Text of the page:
NSW Premier Gladys Berejiklian announces a state government investment of $7.6m to create the Sydney Insitute for Community Languages Education (SICLE).
The University of Sydney is receiving $7.6m in funding from the NSW Government to establish a research institute for community languages education.
University of Sydney Acting Vice-Chancellor, Professor Stephen Garton, said the institute builds on an established record of excellence in community languages education.
“Our commitment to community languages can be traced to 1975, when we became the first University in the state to train community language teachers,” said Professor Garton.
“Our partnership with the NSW Government aims to lift our capacity for world-leading community languages education, as regional and global demand for language skills grows.”
The Sydney Institute for Community Languages Education (SICLE) will have a number of research, training and engagement priorities, including:
The NSW Government is partnering with a world-leading university, and Australia’s first university, to deliver the Community Languages Schools Program.
NSW Premier Gladys Berejiklian, Minister for Finance Victor Dominello, and Minister for Multiculturalism Ray Williams, announced the partnership at the University of Sydney today.
“The NSW Government is partnering with a world-leading university, and Australia’s first university, to deliver the Community Languages Schools Program,” said Premier Berejiklian.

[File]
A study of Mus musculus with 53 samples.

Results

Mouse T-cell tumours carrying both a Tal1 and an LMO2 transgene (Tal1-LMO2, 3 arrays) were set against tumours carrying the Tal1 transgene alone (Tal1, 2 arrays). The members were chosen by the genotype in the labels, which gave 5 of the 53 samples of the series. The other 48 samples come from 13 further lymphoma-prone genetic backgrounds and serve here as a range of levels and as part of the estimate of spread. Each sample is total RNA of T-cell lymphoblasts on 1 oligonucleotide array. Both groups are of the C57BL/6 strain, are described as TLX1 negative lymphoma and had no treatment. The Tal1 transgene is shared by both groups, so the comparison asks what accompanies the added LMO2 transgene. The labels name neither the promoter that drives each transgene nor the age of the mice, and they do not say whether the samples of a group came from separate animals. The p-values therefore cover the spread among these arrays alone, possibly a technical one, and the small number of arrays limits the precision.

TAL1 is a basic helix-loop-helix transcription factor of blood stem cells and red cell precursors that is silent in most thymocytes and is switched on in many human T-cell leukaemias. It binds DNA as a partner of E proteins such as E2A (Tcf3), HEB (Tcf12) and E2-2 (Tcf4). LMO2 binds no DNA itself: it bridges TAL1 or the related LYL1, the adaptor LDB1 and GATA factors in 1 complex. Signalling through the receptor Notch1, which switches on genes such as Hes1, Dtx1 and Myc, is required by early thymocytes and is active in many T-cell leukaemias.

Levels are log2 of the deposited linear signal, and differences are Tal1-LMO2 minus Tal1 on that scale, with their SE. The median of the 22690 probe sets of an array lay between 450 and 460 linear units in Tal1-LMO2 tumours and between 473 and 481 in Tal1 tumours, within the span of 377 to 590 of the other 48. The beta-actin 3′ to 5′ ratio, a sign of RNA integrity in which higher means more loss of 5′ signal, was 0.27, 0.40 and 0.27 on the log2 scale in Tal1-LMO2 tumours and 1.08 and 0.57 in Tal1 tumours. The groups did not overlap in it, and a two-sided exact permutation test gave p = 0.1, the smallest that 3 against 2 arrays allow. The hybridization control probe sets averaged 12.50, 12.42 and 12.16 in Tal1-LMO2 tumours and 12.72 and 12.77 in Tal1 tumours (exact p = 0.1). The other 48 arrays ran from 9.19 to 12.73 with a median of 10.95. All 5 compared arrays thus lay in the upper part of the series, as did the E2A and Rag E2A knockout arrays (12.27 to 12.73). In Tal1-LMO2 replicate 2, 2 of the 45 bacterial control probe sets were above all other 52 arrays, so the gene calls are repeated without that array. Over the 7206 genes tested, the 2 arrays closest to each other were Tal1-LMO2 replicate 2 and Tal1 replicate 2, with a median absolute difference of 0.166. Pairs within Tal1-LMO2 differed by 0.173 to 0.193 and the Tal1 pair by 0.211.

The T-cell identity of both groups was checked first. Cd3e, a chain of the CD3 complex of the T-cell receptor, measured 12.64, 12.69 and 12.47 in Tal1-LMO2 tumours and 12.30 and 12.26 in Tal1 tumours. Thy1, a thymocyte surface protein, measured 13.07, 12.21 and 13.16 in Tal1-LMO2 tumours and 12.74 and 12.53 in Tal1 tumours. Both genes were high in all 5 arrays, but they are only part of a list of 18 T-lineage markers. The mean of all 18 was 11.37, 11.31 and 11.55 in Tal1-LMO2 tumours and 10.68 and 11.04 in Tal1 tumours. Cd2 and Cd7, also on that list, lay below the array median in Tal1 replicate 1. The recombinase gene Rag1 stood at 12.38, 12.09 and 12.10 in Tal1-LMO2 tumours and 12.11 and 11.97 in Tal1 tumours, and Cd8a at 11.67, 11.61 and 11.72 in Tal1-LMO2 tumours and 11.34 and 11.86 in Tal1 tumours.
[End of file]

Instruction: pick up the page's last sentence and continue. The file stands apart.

The institute will also design scholarships, internships and university entry concessions to encourage secondary students to study languages, while sharing best practice within the tertiary sector for improving pathways to further study.
Associate Professor Ken Cruickshank from the University of Sydney School of Education and Social Work led the funding bid for SICLE.
“Our new institute will support linguistic diversity and educational opportunity, through research, teaching, and professional learning programs in schools and community organisations in NSW,” said Associate Professor Cruickshank.
The University of Sydney was the first to provide teacher education for community language teachers in NSW in 1975 and the first to provide professional development for teachers in NSW community languages schools. It remains the only University to have introduced languages teaching units into primary school teacher education.
More than 2,700 volunteer teachers and almost 35,000 students attend community language schools in NSW. Mandarin, Arabic, Cantonese, and Vietnamese follow English as Australia’s most commonly spoken languages, according to the 2016 Census.